AFTER spending the past eight years in a dusty box in the shed at The Channon, Feral Cheryl is back, in a limited way.
Cheryl's creator Lee Duncan said requests for the iconic doll had continued over the years, but she was too busy to make them.
But she found some old dolls before Christmas and sent them to people who had been on a waiting list and will continue to provide a limited number of Feral Cheryls for diehard fans.
Lee said she was amazed by the doll's continuing popularity.
Last week she was contacted by a New York-based design website, fastcodesign.com, who have done an article titled 'A Short History of Anti-Barbies' that features Cheryl among a number of other dolls that have more realistic body proportions, more racial diversity, a more age-appropriate look for young girls and / or more body hair.
Lee has also been contacted by a post-graduate student who is writing a paper on Barbie being put on the cover of Sports Illustrated's swimsuit edition.
"It was never young kids saying 'I want one of those', though sometimes aunties would buy them for their nieces, but she had such a wide appeal," Lee said.
Feral Cheryl started life as a joke after Lee made one for her sister in 1995 after they had been laughing at Barbie and wondering what a doll for North Coast hippie kids would look like.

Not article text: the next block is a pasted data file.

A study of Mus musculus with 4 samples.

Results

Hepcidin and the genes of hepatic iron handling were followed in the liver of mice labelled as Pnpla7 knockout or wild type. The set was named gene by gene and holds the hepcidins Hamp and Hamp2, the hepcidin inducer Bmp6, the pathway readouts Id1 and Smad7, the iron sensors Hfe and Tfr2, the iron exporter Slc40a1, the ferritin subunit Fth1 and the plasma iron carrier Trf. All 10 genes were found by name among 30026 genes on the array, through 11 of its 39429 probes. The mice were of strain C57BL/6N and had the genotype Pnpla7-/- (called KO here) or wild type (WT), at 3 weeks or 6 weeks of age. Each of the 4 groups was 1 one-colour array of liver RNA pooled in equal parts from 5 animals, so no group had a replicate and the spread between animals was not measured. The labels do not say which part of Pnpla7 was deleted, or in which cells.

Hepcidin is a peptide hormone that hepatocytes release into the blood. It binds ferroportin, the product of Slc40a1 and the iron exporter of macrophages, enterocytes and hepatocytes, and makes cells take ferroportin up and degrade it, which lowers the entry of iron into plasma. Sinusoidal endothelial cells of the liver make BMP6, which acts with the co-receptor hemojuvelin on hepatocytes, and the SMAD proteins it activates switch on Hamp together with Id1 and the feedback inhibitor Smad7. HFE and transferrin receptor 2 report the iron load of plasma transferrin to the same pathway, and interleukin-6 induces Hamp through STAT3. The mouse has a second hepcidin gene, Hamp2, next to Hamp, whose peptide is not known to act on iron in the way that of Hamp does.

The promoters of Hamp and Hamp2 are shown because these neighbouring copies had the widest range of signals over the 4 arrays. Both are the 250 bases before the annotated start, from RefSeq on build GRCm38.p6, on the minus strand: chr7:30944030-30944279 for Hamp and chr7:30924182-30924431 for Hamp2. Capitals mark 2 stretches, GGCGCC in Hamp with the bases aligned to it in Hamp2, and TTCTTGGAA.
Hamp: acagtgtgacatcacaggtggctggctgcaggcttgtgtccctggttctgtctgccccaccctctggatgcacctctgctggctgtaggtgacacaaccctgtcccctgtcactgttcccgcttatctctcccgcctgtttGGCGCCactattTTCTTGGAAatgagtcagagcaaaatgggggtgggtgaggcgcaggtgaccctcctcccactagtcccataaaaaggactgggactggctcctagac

She then made a handful that were on display at The Channon market, but when a friend at the ABC did a radio report for Triple J, a media frenzy followed.
TV, radio and press from all over Australia and then the world wanted to know about the anti-Barbie who was based on the feral environmental protesters that were a common sight in the area at the time.
A Short History of Feral Cheryl
AFTER the media interest in Cheryl refused to die, Lee took leave from her job and started making the dolls fulltime.
"It was my opportunity to do a project that was feminist and anti-sweatshop, with everything being locally made," she said.
What was essentially a backyard business was able to distribute all over the world through a burgeoning thing called the internet.
Lee estimates that between 1998 and 2004 she would have made about 1000 dolls.
There is one representing Australia in a toy museum in Spain.
Another sold in Scandinavia on eBay recently for $2000.
There are three songs written about Cheryl.
At the height of the media frenzy, a reporter asked Prime Minister Paul Keating if he would buy a Feral Cheryl doll.